5 Quick and Easy Ways to Motivate Yourself When You Feel Lazy
Experts share their secrets for breaking a bout of inactivity.
We all need a break from the stress of everyday life from time to time. But what happens when a quick pause ends up turning into a longer bout of laziness? When we get stuck in a cycle of doing nothing, it can be difficult to break ourselves out of it—even if we want or need to be productive. You don't have to go from zero to 100 just to motivate yourself, however. Talking to experts, we gathered some tried and true tips meant to push you out of a lazy spell without all the hefty lifting that often accompanies this kind of advice. Read on to discover five quick and easy ways you can motivate yourself when you're feeling lazy.
Time can be on your side when it comes to overcoming laziness—if you let it. Daniel Castillo, a personal development expert and founder of the lifestyle blog Bokey, says one of the best tools he's uses to beat a lazy bout is a three-second rule.
"Count to three, get up on two. When you do this, you don't let your mind negotiate with itself," he explains. "Getting up on two will help you get up before thinking about the action you need to take. Often the biggest obstacle from you and your action is just getting up to start."
You can also try convincing yourself to "just commit to doing five minutes of a task," says Kathryn Werner, PA-C, a physician assistant specialized in psychiatry and owner of her own mental health consulting practice. According to Werner, you should give yourself the permission to stop that task after five minutes without any guilt—but you may want to keep going.
"Often people will then continue well past the [five minutes]," she notes. "But if they don't at least they've had a more positive experience than they would have if they continued the task indefinitely."
Turn on some music.
When you're feeling low on energy, you might let Netflix play episode after episode or just zone out completely. But Angela Genzale, BSN, a registered nurse and certified life coach, recommends pumping up the volume on a playlist instead.
"Turn off the screen and turn on the sound," she says. "Music is a great motivator."
According to Genzale, you should make a playlist of motivating songs that you can use during future lazy spells. Then later on, all you have to do is hit play and let the music help increase your motivation. "Dance or sing along to really get yourself going," she advises.
Many people push exercising as the ultimate motivator—but that's usually easier said than done. Thankfully, you don't have to start with an intense workout. According to Noah Neiman, CPT, a fitness expert and co-founder of Rumble Boxing in New York City, breathing is one of the most important tools you can use, particularly when you're feeling lazy.
"Breathing properly, especially when your body is in an elevated state of stress, is a rudimentary yet highly effective form of control," he says. "Oftentimes when we feel anxious and stressed or not motivated, it's because we feel out of control."
Ciaran Doran, a traditional Chinese medicine (TCM) practitioner, adds that breathing exercises can also be a "fast, simple way" to override self-defeating thoughts regarding perfection and overachievement—which can often induce laziness.
According to both Neiman and Doran, you should be taking breaths that are full, slow, deep, and come from the abdomen. "This can recharge us and allow fresh scope for inspired action," Doran says.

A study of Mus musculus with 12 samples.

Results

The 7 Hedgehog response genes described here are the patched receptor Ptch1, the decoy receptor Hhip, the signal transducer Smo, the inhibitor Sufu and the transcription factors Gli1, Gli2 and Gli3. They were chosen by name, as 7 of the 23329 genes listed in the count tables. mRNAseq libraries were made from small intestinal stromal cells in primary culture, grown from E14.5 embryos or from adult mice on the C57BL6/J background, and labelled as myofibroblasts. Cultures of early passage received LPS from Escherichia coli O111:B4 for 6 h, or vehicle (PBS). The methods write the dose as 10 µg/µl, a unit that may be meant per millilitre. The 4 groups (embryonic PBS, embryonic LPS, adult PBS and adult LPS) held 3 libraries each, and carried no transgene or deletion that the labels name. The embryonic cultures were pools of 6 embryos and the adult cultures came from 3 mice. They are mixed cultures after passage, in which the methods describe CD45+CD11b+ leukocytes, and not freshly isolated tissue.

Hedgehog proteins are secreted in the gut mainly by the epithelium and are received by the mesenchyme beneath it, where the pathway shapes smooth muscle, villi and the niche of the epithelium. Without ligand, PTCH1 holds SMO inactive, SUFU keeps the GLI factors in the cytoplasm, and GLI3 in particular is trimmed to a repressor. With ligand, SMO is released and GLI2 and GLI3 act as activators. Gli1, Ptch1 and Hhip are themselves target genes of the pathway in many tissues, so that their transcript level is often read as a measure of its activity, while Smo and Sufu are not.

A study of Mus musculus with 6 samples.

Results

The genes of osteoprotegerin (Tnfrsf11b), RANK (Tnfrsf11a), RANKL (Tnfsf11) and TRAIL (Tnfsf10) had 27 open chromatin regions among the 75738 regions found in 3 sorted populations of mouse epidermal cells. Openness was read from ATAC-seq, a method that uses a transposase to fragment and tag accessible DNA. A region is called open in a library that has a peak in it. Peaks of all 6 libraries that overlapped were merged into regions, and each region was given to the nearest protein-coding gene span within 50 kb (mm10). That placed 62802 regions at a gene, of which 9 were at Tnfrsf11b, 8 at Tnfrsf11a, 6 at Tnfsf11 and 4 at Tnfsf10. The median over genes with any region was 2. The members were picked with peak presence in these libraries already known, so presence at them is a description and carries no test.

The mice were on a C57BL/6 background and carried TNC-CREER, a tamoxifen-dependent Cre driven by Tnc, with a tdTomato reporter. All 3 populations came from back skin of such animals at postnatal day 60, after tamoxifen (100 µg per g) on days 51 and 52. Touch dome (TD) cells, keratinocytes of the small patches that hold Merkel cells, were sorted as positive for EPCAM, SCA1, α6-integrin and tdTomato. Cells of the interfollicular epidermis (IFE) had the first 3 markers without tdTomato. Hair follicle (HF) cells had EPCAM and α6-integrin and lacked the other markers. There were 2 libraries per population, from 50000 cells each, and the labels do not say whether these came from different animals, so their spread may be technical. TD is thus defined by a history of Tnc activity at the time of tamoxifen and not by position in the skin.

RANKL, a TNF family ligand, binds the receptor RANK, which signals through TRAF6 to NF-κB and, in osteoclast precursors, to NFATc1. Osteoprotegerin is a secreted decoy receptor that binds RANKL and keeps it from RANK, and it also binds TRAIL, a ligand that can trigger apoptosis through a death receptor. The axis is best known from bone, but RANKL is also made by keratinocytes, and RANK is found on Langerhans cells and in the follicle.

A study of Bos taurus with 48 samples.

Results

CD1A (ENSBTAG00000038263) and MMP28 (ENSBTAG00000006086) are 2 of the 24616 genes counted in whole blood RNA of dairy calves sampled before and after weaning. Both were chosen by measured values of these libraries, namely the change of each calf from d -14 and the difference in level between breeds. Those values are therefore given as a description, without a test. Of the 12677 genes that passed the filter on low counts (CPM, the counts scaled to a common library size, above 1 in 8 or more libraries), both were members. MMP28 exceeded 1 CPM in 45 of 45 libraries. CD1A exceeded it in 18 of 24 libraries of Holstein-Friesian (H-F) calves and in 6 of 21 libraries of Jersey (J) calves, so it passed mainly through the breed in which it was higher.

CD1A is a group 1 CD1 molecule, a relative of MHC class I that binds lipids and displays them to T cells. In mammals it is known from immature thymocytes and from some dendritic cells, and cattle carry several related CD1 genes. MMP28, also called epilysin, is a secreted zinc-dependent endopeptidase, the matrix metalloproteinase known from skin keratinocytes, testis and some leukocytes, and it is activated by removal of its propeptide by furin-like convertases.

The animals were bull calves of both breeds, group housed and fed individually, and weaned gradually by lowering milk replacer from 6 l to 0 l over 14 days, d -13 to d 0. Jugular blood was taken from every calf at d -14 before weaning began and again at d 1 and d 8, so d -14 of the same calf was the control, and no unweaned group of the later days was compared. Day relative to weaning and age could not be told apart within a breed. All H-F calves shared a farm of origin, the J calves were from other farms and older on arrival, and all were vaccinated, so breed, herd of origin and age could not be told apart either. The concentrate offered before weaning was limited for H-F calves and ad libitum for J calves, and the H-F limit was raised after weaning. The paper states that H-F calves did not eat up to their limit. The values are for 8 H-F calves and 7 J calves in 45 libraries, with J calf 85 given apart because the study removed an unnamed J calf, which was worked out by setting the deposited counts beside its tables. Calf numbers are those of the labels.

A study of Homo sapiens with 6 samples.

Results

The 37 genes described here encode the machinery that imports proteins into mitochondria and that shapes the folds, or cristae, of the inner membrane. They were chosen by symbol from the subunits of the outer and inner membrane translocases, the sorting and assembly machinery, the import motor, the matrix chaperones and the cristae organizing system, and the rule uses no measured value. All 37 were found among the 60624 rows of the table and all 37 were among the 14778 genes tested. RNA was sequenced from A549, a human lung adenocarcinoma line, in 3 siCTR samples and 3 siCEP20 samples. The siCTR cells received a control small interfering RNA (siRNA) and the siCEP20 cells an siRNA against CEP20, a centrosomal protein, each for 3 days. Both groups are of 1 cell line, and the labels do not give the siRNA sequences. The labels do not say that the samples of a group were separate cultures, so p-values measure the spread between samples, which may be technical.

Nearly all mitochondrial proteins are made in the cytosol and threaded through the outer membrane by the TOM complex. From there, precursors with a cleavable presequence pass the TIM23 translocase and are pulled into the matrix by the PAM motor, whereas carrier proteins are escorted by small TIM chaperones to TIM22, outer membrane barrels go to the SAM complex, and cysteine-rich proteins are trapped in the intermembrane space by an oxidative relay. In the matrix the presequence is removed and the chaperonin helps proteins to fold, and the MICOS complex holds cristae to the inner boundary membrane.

Reach out to another person.
There is strength in numbers, especially when you're feeling unmotivated. Joanna Rajendran, a mindset coach and yoga instructor, tells Best Life that she stresses the importance of "buddying up" in different aspects of our lives. You can use those buddies as motivation when we're feeling too lazy to do something, whether that's going to work, strengthening your relationships, hitting up the gym, or running errands.
"Is there someone in your life who holds you accountable? If so, give them a quick call or text," she advises.
According to Sonia Jhas, a certified physical trainer who also works as a mindset and wellness expert, this person can be referred to as your "accountability partner" and is someone you can turn to for regular support.
"This person can be your spouse, your best friend, a colleague, or a workout buddy," Jhas says. "It doesn't matter if you're actually working towards the same goals as each other or not: All that matters is that they know you have real goals to attain and they are committed to giving you a gentle (or firm) slap in the face, should you need it. And yes, ultimately, we all need it."
It can quickly become overwhelming when the things we need to do start piling up in our minds—especially if you're already feeling unmotivated. But you don't have to tackle that seemingly never-ending to-do list in your head. Instead, Elizabeth Clark, MS, a biomedical researcher who also works as a women's intuition and leadership coach, says it helps to write down your to-do's and break them up into short lists or sticky notes that include simple tasks.
"You can [then] mark off something everyday, even if it's small. This helps to build self-efficacy," Clark explains. "Start with the easiest task and you'll have an achievement quickly."
Your to-do list doesn't need to be limited to just the things you have to get done either, according to David Seitz, MD, a board-certified physician and medical director of Ascendant Detox. Seitz recommends listing out and breaking up any goals you set for yourself as well.
"Simply writing down your goals can help you stay motivated, as this increases the likelihood that you will accomplish them," he says. "Additionally, breaking larger goals into smaller sub-goals can make it easier to stay focused and motivated to reach your end goal."